Ecuador pitahaya exports reach 29,000 tons


Ecuador’s Agency for Regulation and Phytosanitary and Zoosanitary Control (Agrocalidad) reports the certification of 4,779 pitahaya shipments to date, to 20 destinations, with more than 29,000  tons exported.

Agrocalidad indicated that currently about 7,435 people are linked to the agricultural chain of Ecuadorian pitahaya, which is concentrated in the provinces of Guayas, Manabí, and Morona Santiago.


The Agency implemented since July 1 of this year, the issuance of Electronic Phytosanitary Certificates (ePhyto) for the United States of all pitahaya shipments.

So far, about 140 certificates have been issued, with direct transmission to the HUB system and with Aphis reception.

In  March 2023 , Ecuador’s  Ministry of Agriculture and Livestock, through the Undersecretariat of Agricultural Marketing, held three meetings with the objective of "Socializing and validating the proposed strategic plan for the yellow and red pitahaya chain, with the participation of the direct and indirect stakeholders involved."

Production spoke with the manager of Hacienda Laia Margarita, Ramón Martínez, a company that currently produces 50 acres of pitahaya. 

"We grow 80% organic crops, we are very meticulous and we respect the environment and the soils so that they are productive. The products we use are organic, and of biological origin, so we look for inputs that are as healthy as possible," says Martinez.

Martínez added "we export 90% of our production through Sweet Seasons to markets such as the United States, Spain, France, Italy, Romania, Poland, and Bulgaria. For us, the market is a continuous challenge and we always try to be one step ahead."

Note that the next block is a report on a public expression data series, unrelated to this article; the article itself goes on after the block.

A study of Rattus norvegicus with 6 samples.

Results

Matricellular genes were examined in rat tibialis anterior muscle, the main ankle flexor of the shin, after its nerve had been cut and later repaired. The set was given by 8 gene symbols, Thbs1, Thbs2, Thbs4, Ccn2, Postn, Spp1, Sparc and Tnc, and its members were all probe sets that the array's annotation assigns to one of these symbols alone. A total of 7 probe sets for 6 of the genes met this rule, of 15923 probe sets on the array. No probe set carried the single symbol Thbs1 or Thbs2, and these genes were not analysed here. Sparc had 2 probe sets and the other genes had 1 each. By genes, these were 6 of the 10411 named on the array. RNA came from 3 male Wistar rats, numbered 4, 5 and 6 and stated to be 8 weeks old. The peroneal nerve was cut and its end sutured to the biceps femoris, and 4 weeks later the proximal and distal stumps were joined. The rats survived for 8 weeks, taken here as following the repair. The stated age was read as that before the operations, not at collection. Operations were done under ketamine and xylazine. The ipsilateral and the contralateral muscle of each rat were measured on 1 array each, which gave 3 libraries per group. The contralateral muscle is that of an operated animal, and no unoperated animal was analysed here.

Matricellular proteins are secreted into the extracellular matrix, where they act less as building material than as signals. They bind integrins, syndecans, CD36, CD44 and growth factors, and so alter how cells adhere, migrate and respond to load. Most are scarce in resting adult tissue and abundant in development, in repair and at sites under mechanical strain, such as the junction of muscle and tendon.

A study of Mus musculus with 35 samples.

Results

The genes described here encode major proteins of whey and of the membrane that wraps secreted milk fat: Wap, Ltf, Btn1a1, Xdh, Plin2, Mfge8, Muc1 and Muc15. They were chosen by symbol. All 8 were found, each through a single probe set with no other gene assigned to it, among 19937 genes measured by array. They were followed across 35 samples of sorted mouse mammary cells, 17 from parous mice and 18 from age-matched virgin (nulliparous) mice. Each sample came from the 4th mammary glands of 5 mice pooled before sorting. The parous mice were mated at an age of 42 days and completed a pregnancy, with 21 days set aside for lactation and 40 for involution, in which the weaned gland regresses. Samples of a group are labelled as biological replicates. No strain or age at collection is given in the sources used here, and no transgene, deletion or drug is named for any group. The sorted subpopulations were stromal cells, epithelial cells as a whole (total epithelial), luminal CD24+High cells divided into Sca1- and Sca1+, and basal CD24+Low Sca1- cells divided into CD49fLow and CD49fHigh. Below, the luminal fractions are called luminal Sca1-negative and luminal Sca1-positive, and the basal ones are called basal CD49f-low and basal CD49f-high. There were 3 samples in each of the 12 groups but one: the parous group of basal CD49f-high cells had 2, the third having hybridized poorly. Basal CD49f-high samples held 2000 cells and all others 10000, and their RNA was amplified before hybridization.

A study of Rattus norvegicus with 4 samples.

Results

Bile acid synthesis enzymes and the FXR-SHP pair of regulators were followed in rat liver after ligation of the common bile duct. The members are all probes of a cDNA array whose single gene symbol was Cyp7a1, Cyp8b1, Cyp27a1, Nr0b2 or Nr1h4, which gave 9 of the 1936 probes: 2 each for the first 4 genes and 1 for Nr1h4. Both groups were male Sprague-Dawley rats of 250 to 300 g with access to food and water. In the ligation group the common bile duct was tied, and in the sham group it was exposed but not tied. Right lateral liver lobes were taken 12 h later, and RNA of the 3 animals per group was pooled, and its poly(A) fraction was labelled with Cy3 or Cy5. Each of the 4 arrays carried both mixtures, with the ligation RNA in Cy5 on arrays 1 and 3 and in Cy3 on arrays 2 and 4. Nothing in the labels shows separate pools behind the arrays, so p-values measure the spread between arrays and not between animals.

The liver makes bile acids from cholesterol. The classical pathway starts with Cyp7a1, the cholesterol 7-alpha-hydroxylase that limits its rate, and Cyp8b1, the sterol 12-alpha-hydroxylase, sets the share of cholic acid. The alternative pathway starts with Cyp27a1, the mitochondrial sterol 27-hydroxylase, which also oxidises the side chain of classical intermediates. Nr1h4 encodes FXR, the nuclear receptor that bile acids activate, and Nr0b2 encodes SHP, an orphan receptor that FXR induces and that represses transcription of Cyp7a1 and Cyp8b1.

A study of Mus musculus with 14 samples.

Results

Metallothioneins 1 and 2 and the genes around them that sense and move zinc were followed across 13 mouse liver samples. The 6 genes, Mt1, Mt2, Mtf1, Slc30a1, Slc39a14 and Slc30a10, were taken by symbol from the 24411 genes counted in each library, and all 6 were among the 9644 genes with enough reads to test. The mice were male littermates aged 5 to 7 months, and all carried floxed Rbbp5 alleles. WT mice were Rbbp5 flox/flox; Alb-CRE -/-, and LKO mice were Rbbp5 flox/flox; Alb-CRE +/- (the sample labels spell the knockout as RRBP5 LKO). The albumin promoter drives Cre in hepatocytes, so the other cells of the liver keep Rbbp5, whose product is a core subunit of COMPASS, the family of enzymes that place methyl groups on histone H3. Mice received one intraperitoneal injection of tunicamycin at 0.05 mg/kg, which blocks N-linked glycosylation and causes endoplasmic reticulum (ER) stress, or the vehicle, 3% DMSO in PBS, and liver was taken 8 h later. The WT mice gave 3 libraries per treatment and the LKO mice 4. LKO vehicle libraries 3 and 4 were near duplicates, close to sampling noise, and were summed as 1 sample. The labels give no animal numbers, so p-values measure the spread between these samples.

"We are recognized in international markets for the quality of the fruit, which is known as the yellow box," said Martinez.


Agrocalidad conducts phytosanitary activities such as surveillance, sampling, identification, training, and supervision of the fruit fly trapping service in order to comply with Ecuadorian pitahaya work plans established by trading partners.

In this regard, Martinez says there is weekly monitoring with the agency, to have zero fruit fly incidence, "because it is one of the great challenges we have as an industry since the U.S. does not want any product that has fruit fly. We’ve had zero incidents in seven years."

Martínez adds that certification is a  market requirement, "but it also certifies the quality of the fruit and provides phytosanitary guarantees to consumers.”

Hacienda Laia Margarita grows and exports the world’s best red pitahaya, which involves a line for washing, drying, and classifying the fruit. “And now we are implementing a technology that we are going to start testing, which is ozone, to extend the post-harvest life of the fruit," notes Martinez.